I must apologize for my extended absence from this blog. My attention went elsewhere for a time, but I am back and now my intention is to write regularly on this blog. We have two more aspects of Yama and Niyama to cover, Svadhyaya (self reflection) and Ishvara Pranidhana ( surrender to God).
When we have completed these two aspects we will move on to discussion of other aspects of yogic teachings such as karma, samskara, the five elements, Ayurveda and the doshas, prana, meditation, Samadhi, Brahmachakra, and other relevant topics to our inner journeys. Please let me know what topics interest you the most to discuss. Also I invite you to share your personal experience and insights on each topic as we go along. We all have personal experiences and insights that can be enriching for everyone when shared. So please share your thoughts.
Svadhyaya the next aspect of the Niyamas, the practices to be cultivated, is self inquiry, or study and contemplation of the nature of Self. Svadhyaya is the search for knowledge and the practice of understanding truth. The word comes from the root sva (soul or self) and dhyaya, rooted in the word dhyia (to meditate, reflect upon, study or contemplate). Thus, Svadhyaya connotes self-study or reflection upon the nature of the soul or Atman.
It starts like most of the practices of Yama and Niyama with basic activities like reading books on spiritual life, articles on the internet on yoga and meditation, reading sacred texts, watching webinars or videos and going to relevant lectures, seminars and presentation. In other words, learning from other people’s personal experience and insights.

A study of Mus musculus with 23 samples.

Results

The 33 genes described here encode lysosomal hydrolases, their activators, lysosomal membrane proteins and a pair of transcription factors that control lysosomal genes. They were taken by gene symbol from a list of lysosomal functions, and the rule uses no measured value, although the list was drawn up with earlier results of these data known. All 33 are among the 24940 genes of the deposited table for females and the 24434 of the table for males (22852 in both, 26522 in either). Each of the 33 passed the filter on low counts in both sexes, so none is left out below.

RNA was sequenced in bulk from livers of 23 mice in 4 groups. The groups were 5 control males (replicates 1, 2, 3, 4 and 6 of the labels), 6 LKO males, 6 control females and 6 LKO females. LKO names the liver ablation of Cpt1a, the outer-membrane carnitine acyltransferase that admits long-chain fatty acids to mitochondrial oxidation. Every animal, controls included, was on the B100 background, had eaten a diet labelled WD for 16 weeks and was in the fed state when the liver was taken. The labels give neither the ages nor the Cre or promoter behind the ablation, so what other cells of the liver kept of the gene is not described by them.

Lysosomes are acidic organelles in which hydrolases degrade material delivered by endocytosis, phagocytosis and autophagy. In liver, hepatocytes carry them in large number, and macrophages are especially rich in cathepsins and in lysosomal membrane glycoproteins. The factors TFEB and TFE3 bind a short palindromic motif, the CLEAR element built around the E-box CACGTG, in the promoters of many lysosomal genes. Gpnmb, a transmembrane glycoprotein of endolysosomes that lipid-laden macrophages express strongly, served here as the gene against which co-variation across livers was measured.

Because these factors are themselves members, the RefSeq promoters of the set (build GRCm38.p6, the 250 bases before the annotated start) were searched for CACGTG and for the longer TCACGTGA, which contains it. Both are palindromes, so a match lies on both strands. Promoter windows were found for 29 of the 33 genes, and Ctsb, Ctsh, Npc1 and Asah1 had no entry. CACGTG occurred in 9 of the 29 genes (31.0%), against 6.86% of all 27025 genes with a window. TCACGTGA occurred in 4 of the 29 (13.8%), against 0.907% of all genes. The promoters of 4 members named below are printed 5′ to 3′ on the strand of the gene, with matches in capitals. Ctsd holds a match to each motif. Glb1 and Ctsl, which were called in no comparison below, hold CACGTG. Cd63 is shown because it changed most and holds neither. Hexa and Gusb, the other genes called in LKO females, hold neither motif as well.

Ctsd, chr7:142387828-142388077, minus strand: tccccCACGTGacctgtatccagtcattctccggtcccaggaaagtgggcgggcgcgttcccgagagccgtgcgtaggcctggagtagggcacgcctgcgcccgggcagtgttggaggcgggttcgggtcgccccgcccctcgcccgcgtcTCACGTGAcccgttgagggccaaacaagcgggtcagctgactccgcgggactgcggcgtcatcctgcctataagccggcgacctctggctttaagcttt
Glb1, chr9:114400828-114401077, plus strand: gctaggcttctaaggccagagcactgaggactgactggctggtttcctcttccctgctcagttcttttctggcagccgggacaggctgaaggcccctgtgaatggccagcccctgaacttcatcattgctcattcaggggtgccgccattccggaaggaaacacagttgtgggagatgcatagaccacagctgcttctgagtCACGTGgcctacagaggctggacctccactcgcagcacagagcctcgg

It can also involve studying with a Guru, a man or woman of wisdom who knows the way and can guide you. There is great benefit from being in the presence of spiritual masters and holy men and women. Many radiate a presence that has a direct influence on your mind, bringing it to a more subtle awareness.
Knowledge is not only for the mind. It is also for the heart, which is often wiser than the mind. Learning about devotion, singing the names of the gods and goddesses, chanting, doing kirtan, listening to stories of the lives and experiences of spiritual women and men open the heart. This is another form in which knowledge can come to you. Even myths and stories bring spiritual inspiration and hold the wisdom of the ages. Also, poetry that speaks the language of the heart holds truths only the heart can recognize; it gives wisdom and opens a doorway. The heart knows truth, recognizes it. Let these sources of divine knowledge and wisdom awaken your heart and inspire you to Self-knowledge.
Once you have explored what others have to say and their experiences, then comes the inner practice of self-inquiry. This involves asking your self who am I? It involves contemplating your own nature and trying to understand the nature of Self. What is consciousness? How do you become Self aware?
The internal practice of Svadhyaya is deeply contemplative. It involves truthful (Satya) self-observation and self-reflection. This may take the form of impartially observing your thoughts, words and behaviors or sitting in silent meditation and studying the Self within. This internal practice of Svadhyaya awakens when you take the knowledge that you acquire through your study and research and integrate it into your own experience.
When this internal practice of Svadhyaya is deeply cultivated, you become able attain direct access to the infinite knowledge that lies within the minds of all beings. You develop your intuition and you become able to access intuitional knowledge. When this happens, you will automatically know what is real and what is illusion.
So this aspect of spiritual practice is extremely important. I would encourage each of you to move forward in cultivating this aspect of your practice.